For a more comprehensive round up of the week, listen to Stephen’s full report HERE.

Our monthly roundup of global and local economic data and events indicates modest but erratic improvement in global growth. US economic indicators mostly improved, although weaker home buying activity was a notable exception. Growth in China moderated, but not as much as many feared. European economic indicators were mostly stronger than expected. The firmer run of Australian economic indicators continued, although one surprise was lower than expected Q1 inflation which will probably delay the first interest rate hike by the RBA until late in 2014. On monetary policy, the US Federal Reserve (Fed) clarified its position on when the Fed funds rate, currently at zero, is likely to rise in relation to the ending of the Fed’s asset purchase, or QE, program, which should be complete in Q3 2014. US employment needs to be much stronger before the Fed decides to start lifting the funds rate and that looks more likely in 2015, rather than late 2014 implied in earlier comments by Fed Chairman Janet Yellen.

Most economic data released in the US through April reinforces a broadening view among analysts that the US economic recovery is gathering pace. March readings of industrial production, up 0.7% in the month, housing starts, up 2.8%, and retail sales, up 1.1%, all beat relatively buoyant market consensus forecasts. Non-farm payrolls also rose firmly in March, up by 192,000 after an upwardly revised 197,000 increase in February. Most leading indicators of US activity were strong too with March durable goods orders up by a greater-than- expected 2.6% and late April consumer sentiment also beating expectations at 84.1, the third strongest reading in the current recovery. The most notable exceptions to the stronger US economic readings are sales of new homes, down 14.5% in March, and existing homes, down 0.2%. Higher house prices, up around 13% over the past year, seem to be starting to break home buying enthusiasm.

In China, concern in some quarters, that annual economic growth would slow below 7% were confounded by Q1 GDP growth coming in at 7.4%, still down from 7.7% in Q4 2013, but not the collapse some feared. March domestic indicators for China were also comparatively robust with industrial production up 8.8% y-o-y (8.6% in February), retail sales up 12.2% (11.8% in February) and urban fixed asset investment up 17.6% (February 17.9%). The authorities announced additional spending on urbanization plans, mostly bringing forward railway spending projects and the Peoples’ Bank of China announced late in the month small reductions to the Reserve Ratio Requirement (RRR) for some urban and regional banks of as much as two percentage points, although the RRR for the big banks remains at 20%.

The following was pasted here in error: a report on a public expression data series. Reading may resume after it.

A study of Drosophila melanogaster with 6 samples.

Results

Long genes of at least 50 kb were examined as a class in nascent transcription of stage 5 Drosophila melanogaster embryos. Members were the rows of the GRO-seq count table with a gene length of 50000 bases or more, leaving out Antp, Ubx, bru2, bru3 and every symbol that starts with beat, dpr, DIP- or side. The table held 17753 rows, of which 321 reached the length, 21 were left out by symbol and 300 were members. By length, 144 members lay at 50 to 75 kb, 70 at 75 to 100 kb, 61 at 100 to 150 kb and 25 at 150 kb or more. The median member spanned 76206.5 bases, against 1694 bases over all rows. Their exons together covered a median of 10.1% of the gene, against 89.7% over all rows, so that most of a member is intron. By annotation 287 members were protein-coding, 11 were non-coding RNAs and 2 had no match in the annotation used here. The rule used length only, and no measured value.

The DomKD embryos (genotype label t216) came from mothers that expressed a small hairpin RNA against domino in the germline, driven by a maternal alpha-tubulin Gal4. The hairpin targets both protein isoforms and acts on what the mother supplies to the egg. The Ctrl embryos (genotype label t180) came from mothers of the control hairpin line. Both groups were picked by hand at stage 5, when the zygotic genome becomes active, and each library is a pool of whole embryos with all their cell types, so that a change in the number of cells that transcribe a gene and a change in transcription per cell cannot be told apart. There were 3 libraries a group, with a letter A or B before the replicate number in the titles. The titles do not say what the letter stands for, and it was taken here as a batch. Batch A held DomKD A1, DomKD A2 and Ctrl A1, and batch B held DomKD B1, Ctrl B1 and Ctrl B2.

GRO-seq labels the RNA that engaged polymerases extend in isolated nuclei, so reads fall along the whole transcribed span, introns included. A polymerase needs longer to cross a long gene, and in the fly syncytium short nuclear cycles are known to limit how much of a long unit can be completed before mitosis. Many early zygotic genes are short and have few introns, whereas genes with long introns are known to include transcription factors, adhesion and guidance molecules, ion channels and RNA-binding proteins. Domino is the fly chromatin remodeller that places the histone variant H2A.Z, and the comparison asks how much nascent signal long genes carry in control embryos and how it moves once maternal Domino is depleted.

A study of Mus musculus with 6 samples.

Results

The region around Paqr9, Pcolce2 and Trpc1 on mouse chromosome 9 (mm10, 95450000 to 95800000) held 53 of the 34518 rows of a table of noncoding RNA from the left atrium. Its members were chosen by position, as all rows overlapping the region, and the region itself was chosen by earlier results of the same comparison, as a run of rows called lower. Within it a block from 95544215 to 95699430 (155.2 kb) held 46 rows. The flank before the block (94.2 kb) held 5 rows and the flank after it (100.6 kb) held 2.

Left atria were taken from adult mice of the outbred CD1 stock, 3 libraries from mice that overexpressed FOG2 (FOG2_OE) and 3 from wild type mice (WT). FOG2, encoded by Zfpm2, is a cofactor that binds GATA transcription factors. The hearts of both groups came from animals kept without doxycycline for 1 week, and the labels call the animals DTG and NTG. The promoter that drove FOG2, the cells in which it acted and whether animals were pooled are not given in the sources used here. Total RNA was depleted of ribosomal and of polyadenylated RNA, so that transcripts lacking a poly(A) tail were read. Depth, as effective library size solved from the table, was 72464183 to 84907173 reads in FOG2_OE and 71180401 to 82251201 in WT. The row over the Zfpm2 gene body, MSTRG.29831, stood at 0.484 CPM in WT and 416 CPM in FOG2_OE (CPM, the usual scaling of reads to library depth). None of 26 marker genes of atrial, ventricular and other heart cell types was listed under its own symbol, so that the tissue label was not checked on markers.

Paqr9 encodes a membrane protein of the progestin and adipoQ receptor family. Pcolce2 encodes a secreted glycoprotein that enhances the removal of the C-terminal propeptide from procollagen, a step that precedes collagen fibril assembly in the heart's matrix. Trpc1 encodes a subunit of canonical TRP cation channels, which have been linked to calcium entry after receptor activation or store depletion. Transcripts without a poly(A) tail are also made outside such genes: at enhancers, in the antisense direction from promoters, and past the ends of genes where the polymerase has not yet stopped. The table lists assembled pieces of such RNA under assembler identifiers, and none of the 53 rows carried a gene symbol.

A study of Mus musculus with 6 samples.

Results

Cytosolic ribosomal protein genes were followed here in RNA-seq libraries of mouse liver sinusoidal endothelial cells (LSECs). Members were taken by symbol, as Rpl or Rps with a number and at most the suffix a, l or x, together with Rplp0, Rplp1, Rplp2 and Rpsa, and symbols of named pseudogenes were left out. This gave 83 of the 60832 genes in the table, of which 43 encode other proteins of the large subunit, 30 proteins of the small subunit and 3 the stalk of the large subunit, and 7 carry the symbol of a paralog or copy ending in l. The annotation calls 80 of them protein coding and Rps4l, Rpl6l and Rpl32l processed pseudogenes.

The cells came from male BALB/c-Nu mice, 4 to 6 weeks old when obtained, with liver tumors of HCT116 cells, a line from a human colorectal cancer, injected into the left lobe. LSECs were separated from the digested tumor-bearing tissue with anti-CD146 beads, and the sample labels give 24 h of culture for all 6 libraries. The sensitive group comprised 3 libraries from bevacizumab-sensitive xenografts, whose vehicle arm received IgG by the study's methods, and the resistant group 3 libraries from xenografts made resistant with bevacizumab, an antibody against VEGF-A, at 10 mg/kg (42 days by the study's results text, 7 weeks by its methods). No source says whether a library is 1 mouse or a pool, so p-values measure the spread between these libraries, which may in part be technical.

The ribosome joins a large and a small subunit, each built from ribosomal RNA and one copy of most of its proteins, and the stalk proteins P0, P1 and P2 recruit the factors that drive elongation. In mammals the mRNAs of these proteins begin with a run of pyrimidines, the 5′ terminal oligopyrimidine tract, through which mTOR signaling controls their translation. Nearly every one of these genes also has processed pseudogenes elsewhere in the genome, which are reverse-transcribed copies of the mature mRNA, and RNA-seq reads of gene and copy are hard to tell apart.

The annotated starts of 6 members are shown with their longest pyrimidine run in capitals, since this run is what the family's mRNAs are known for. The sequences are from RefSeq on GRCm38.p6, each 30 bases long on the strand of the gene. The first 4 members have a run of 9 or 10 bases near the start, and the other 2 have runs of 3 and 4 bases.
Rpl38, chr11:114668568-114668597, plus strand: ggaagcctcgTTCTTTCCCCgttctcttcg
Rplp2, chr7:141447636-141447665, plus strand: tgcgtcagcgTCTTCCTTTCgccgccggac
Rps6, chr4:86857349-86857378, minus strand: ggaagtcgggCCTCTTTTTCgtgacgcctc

Europe continued to slowly improve although with marked differences in the performance of individual economies. Among the biggest economies Germany continues to strengthen and Italy and Spain are a touch better while France continues to underperform. Evidence of recovery is strongest outside the euro-area in the United Kingdom where the unemployment rate has unexpectedly fallen below 7.0%. In the euro-area the unemployment rate also seems to have peaked and hovered at 11.9% in both January and February. Euro-area inflation remains low at only 0.5% y-o-y providing capacity for the European Central Bank to ease policy further id deemed necessary.

In Australia, the run of mostly stronger-than-expected economic readings continued through April. February home building approvals jumped up by 5.0% against expectations of a 1.5% fall lifting the annual change to 23.2% y-o-y. Retail sales consolidated the big 1.2% January gain rising another 0.2% in February. Australia’s international trade position remains exceptionally strong recording an $A1.2 billion trade surplus in February, after a $A1.4 billion surplus in January and mostly driven by rising exports. Importantly, employment continues to improve up another 18,100 in March and bringing the increase in just the first three months of 2014 to 88,000 against a fall of 4,100 in the final three months of 2013. The unemployment rate also seems to have peaked falling to 5.8% in March from 6.1% in February.

Many analysts, including us, feared that inflation would again be quite high in Q1 2014. In the event, the CPI came in lower-than-expected at +0.6%, although the annual inflation rate still rose to 2.9% y-o-y from 2.7% in Q4 2013. The two key underlying inflation measures closely monitored by the RBA, the trimmed mean and weighted median, also came in lower than expected at respectively +0.5%, 2.6% y-o-y and +0.6%, +2.7% y-o-y. Earlier in the month the RBA again left the cash rate unchanged at 2.50% and indicated in the accompanying commentary that it expected inflation pressure to settle back a little.

Looking ahead, we expect Australian economic indicators to be mostly consistent with accelerating economic growth. We see annual economic growth running above long run average (around 3.1%) in the second half of 2014. Also we see the unemployment rate to continue edging lower. Notwithstanding the comparatively low Q1 CPI result we still see inflation returning to surprise on the upside of most forecasts driven by housing pricing pressures and comparatively big price and tax increases emanating from the public sector grappling with budget cut backs. However, the low Q1 CPI does imply to us that the RBA can wait a little longer than we previously thought likely before starting to hike the cash rate. On our forecasts that the CPI is relatively high in Q2 and Q3 we now see the RBA on the road of lifting interest rates, probably starting in November, rather than August as we previously forecast.